The Chromium OS open source project has been released today and Google provided more information about their future operating system targeted at netbooks, along with screenshots of the user interface explaining the concept behind and a video with a brief demo of the OS.

The applications menu looks like any other tab but it displays a panel with all your applications. The term “applications” means “web applications” for Chrome OS, as it will not support native applications: all applications for Chrome are web applications on the internet. However, this won’t be a issue for heavy computational calculations in the future: Google started researching and developing last year a browser plugin, NativeClient (or NaCl), that would allow for intense calculations to be performed by the browser. If you have a Chrome browser from the Dev Channel, you already have an internal NativeClient. In Windows, add this to the launching command:
chrome.exe –internal-nacl –no-sandbox
Google explains that using NaCl requires to temporarily disable the sandbox. NaCl demos display an incredible calculations capacity, being able to run Quake engine within the very same browser window.

Applications tabs can be “pinned” and thus reduced to only its favicon. From the GMail icon here, we can tell that additional functionality will be built into the pinned tabs to display notifications or something else.

Back to Chrome OS and now with the so called “Panels”. Panels are  floating windows that remain on top even if you open a new tab or a new window, which in the case of Chrome might be like having different desktops in Linux. These panels are not only for chatting, but for notifications, applications such as an audio player and even to see the photos in the camera you just plugged in (see this in the video at the end).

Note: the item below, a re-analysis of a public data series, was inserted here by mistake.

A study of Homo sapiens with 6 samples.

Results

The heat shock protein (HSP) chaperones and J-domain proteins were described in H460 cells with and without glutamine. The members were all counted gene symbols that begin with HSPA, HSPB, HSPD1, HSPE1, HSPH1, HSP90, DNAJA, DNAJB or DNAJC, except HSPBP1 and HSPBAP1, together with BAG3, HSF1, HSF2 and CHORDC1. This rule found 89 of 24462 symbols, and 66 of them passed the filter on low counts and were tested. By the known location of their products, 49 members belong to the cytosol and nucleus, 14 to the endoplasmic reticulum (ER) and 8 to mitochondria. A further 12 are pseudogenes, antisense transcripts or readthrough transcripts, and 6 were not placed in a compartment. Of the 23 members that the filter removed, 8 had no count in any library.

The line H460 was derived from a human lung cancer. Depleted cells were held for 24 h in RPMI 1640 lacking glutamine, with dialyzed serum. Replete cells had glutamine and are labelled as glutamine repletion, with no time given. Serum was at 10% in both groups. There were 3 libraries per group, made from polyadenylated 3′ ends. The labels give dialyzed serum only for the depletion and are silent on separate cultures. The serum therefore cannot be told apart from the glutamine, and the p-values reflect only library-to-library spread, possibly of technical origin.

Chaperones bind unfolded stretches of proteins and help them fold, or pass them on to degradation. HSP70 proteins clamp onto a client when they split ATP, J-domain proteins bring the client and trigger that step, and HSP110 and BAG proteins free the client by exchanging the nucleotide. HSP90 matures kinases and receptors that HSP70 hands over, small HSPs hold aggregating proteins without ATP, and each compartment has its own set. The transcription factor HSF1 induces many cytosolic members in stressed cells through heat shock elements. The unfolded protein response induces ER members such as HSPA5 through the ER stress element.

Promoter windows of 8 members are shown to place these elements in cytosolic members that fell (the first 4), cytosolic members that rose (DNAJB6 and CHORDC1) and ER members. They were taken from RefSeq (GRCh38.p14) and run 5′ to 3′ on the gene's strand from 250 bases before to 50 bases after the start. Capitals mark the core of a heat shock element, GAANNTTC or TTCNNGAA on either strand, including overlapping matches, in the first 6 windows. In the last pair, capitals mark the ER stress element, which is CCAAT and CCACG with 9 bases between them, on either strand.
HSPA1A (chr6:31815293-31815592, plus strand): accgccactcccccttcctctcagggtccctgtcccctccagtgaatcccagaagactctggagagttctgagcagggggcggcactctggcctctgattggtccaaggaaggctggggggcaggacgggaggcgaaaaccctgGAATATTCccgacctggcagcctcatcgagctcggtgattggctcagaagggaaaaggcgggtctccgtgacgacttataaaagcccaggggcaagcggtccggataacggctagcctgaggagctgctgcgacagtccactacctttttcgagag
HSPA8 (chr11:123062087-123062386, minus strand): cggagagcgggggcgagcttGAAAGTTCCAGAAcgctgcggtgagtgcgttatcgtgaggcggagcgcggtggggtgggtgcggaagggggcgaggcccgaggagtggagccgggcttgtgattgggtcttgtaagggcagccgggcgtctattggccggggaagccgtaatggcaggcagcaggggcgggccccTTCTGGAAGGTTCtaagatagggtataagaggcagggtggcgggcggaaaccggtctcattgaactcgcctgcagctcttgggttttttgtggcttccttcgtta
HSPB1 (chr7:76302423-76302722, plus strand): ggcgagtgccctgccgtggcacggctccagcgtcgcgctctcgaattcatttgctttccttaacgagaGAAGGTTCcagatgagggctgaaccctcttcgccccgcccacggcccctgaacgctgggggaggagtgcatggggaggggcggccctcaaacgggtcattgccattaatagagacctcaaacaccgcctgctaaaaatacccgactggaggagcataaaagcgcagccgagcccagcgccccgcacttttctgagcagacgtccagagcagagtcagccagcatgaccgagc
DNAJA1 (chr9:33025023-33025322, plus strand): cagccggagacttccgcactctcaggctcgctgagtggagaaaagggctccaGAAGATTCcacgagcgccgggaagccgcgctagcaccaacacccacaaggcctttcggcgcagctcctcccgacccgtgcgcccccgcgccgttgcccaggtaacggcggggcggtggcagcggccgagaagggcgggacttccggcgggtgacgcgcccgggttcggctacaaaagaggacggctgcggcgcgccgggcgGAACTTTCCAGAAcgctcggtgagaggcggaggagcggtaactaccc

Looks like you will be able to drag & drop contents from one panel to the other, I assume part of this will be achieved with HTML5 since no native applications will be allowed.

Finally, Google’s UI designers thought about some other alternatives for the location bar, first like a launcher. This could have been interesting, having some sort of launcher like Enso or Ubiquity, but as they explain, the url of the current page would have been hidden. The other alternative was to move the control interface to the left with the advantage of a lot of real state for tabs, but not for the full name, however not many of us identify tabs for a long name: only the favicon or if it’s missing the first characters are enough.

The following video gives a complete overview of the concept for the UI of Chrome OS. It might not be the finished product but it gives a good approximation to what Google Chrome OS will be.

You can get all the relevant info at the site for the open source project Chromium. So, will you jump into Chrome OS or will you choose Windows 7?